A few posts ago, I wrote about a couple of grant proposals that we were preparing on methods to detect rare variants in cancer and improve the tools and methods to validate datasets from quantitative assays that utilize Next Gen data, like RNA-Seq, ChIP-Seq, or Other-Seq experiments. Besides the normal challenges of getting two proposals written and uploaded to the NIH, there was an additional challenge. Nearly everyday, we opened the tables-of-contents in our e-mail and found a new papers highlighting Next Gen Sequencing techniques, applications, or biological discoveries made through Next Gen techniques. To date, over 200 Next Gen publications have been produced. During the last two months alone more than 30 papers have been published. Some of these (listed in the figure below) were relevant to the proposals we were drafting.
The papers highlighted many of the themes we've touched on here, including the advantages of Next Gen sequencing and challenges with dealing with the data. As we are learning, these technologies allow us to explore the genome and genomics of systems biology at significantly higher resolutions than previously imagined. In one of the higher profile efforts, teams at the Washington University School of Medical and Genome Center compared a leukemia genome to a normal genome using cells from the same patient. This first intra-person whole genome analysis identified acquired mutations in ten genes, eight of which were new. Interestingly, the eight genes have unknown functions and might be important some day for new therapies.
Next Gen technologies are also confirming that molecular biology is more complicated than we thought. For example, the four most recent papers in Science show us that not only is 90% of the genome actively transcribed, but many genes have both sense and anti-sense RNA expressed. It is speculated that the anti-sense transcripts have a role in regulating gene expression. Also, we are seeing that nearly every gene produces alternatively spiced transcripts. The most recent papers indicate that between 92% and 97% of transcripts are alternatively spliced. My guess is that the only genes, not alternatively spliced are those lacking introns, like olfactory receptors. Although, when alternative transcription starts and alternative polyadenylation sites are considered, we may see that all genes are processed in multiple ways. It will be interesting to see how the products of alternative splicing and anti-sense transcription might interact.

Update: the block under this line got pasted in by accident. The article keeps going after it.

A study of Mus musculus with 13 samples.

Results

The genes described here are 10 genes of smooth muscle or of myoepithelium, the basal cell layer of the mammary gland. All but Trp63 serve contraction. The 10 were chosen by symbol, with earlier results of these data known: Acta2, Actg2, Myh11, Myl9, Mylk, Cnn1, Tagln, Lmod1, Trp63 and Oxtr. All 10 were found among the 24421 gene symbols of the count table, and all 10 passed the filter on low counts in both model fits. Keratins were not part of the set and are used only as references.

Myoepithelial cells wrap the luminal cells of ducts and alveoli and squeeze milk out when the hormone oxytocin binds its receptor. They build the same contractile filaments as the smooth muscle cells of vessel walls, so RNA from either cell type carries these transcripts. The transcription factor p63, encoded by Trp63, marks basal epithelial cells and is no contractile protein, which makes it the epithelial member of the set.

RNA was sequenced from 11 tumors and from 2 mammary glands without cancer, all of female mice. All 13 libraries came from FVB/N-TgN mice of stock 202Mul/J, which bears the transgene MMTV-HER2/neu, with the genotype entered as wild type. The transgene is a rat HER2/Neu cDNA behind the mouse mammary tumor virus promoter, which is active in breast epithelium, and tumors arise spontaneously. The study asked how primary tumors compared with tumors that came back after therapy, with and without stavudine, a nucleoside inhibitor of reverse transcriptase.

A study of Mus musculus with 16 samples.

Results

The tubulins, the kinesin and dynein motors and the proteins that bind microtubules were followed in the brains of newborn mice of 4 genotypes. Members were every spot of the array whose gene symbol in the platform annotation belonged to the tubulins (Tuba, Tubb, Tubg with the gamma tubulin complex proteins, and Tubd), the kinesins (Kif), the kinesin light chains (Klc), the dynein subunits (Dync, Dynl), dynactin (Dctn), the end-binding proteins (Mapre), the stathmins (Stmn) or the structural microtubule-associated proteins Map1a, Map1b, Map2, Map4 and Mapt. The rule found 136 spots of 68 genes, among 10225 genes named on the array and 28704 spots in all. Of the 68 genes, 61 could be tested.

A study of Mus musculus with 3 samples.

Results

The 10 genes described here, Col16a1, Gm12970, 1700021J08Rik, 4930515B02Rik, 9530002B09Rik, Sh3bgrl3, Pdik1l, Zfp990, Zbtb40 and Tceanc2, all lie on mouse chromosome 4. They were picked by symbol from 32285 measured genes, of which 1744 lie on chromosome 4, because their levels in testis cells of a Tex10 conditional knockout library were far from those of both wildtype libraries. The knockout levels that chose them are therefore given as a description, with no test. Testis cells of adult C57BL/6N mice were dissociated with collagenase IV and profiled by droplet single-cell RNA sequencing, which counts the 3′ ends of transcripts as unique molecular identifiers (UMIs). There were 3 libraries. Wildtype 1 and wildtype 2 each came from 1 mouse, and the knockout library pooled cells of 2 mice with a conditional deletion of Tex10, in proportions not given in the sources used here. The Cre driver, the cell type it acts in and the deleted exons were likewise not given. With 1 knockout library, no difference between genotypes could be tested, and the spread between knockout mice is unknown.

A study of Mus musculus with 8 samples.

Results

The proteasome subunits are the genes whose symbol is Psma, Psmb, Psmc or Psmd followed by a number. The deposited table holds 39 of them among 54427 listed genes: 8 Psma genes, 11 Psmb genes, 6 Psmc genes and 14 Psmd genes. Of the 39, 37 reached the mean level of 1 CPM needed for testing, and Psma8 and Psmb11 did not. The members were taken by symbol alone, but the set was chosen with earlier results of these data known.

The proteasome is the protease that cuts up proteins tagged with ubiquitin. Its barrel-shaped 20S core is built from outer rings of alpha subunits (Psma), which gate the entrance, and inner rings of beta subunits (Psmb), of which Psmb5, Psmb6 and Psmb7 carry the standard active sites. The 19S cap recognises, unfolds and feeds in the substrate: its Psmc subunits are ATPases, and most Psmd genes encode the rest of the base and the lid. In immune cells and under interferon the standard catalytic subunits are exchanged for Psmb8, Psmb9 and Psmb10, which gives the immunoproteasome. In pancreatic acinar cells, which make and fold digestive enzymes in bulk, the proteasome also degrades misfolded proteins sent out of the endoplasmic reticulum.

This work has a number of take home messages.
- Like astronomy, when we can see deeper we see more. Next Gen technologies are giving us the means to interrogate large collections of individual RNA or DNA molecules and speculate more on functional consequences.
- Our limits are our imaginations. The reported experiments have used a variety of creative approaches to study genomic variation, sample expressed molecules from different strands of DNA, and measure protein DNA/RNA interaction.
- Good hands do good science. As pointed out in the paper from the Sanger Center on their implementation of Next Gen sequencing, the processes are complex and technically demanding. You need to have good laboratory practices with strong informatics support for all phases (laboratory, data management, and data analysis) of the Next Gen sequencing processes.
To see how, join us for a webinar next Wednesday, Dec. 17 at 10 am PDT, for RNA Expression Analysis with Geospiza.
Click on the figure to enlarge the text.